Educating Others About Your Child with LD
By Marcia Brown Rubinstien, MA, CEP
Once you understand your child’s learning disabilities, it’s crucial to share his profile with everyone who significantly impacts his life and even some who play a minor role. But before you engage the town crier to broadcast the details of your child’s learning style, use the following guide to help evaluate who needs to know what.
Knowledge providers (teachers, tutors, aides, extra-curricular instructors, coaches, scout leaders, playground monitors, religious instructors, camp counselors):
People who guide your child’s acquisition of knowledge have enormous power over his self-esteem and cognitive development. Be thorough, persistent, and considerate when filling them in. Talk to them individually about all aspects of his learning. Share the results of testing and interventions. Encourage a positive attitude by describing his strengths and talents. Likewise, when you describe situations that might confuse or frustrate him, give examples of approaches that work to ease the situation.
Healthcare providers (Physicians, school nurses, social workers, psychological, occupational and physical therapists, social skills facilitators):
Everyone who helps safeguard your child’s health should know how her learning disability might affect her wellbeing. Acquaint each provider with her history and any issues that specifically impact her care. For example, children with sensory processing disorders may benefit from the dentist knowing what triggers reactive behavior and what engenders trust. Children with ADHD may respond better when appointments are kept short. If your child has difficulty expressing herself, suggest ways for the professional to elicit substantive responses. And innocuous as it may seem, recognize that children with reading problems may be aggravated by all the publications cluttering the typical waiting room.
Random people (store clerks, service providers, bus drivers, airline seatmates):
When you bring your child into a situation that might trigger impulsive or defensive behaviors, anticipate problems and intervene ahead of time. Explain to a sales associate that it’s best not to bring out 15 pairs of shoes at one time. Alert the bus driver to possible triggers for disruption or bullying. When someone interferes with your child’s unobjectionable activities on a bus, train or plane, explain in firm, positive tones that your child prefers listening to a book on tape while simultaneously reading the text. Be upbeat when you tell travel mates that walking up and down the aisle is actually a positive behavior.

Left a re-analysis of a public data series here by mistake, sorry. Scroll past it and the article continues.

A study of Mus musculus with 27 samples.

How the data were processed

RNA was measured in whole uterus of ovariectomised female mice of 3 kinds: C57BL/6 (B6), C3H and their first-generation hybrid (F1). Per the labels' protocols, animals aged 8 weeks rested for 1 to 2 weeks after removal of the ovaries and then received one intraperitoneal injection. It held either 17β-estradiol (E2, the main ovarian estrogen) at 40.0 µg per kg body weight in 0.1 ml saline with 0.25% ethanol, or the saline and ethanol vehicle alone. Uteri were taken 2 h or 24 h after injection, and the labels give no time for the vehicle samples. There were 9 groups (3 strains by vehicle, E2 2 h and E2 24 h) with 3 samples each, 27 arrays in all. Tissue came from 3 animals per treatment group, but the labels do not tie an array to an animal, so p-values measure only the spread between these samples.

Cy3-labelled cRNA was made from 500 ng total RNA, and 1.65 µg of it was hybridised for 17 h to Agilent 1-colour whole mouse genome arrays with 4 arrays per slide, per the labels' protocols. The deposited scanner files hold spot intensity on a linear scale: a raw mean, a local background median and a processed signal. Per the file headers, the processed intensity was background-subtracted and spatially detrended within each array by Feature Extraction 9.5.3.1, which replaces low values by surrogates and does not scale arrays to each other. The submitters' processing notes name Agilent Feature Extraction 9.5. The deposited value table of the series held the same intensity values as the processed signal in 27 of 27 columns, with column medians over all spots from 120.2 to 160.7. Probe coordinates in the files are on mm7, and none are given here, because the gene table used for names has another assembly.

Social acquaintances (peers, parents of peers, family friends):
Most parents would not leave a child with impaired vision at a friend’s home without explaining that some activities might be challenging. Yet parents of children with invisible disabilities often think that if they don’t mention difficulties, none will be noticed. Nothing could be farther from the truth.
When children know that people in their social world accept the accommodations they need, they feel comfortable and productive. You can elicit trust and even respect for your child’s uniqueness if you explain how he responds to stimuli. A child who has difficulty processing auditory information might need several reminders before following directions. Make sure that parents and friends don’t misinterpret such behavior as oppositional. Explain that a child who fidgets might simply be seeking reinforcement to maintain alertness.
A child’s learning disabilities will definitely cause ripples throughout the immediate and extended family, but proactive parents can minimize difficulty while maximizing potential.
In easy-to-understand language explain your child’s learning and living profile to all family members. Never use learning disabilities as an excuse for your child to avoid homework, appropriate behavior, or chores done by other siblings. Instead, find ways that she can contribute at levels that correspond with others. More important, never expect other children to assume responsibility for the needs of their sibling with LD.
When explaining something that might be more difficult for your child with LD, also stress the skills and positive qualities she possesses. Make sure that all family members respect diversity.
Finally, support your child’s interests, defend her against people and processes that undermine her self-esteem, and provide her with the tools to succeed academically and socially. Love her unconditionally, and never miss an opportunity to tell her and show her that you do.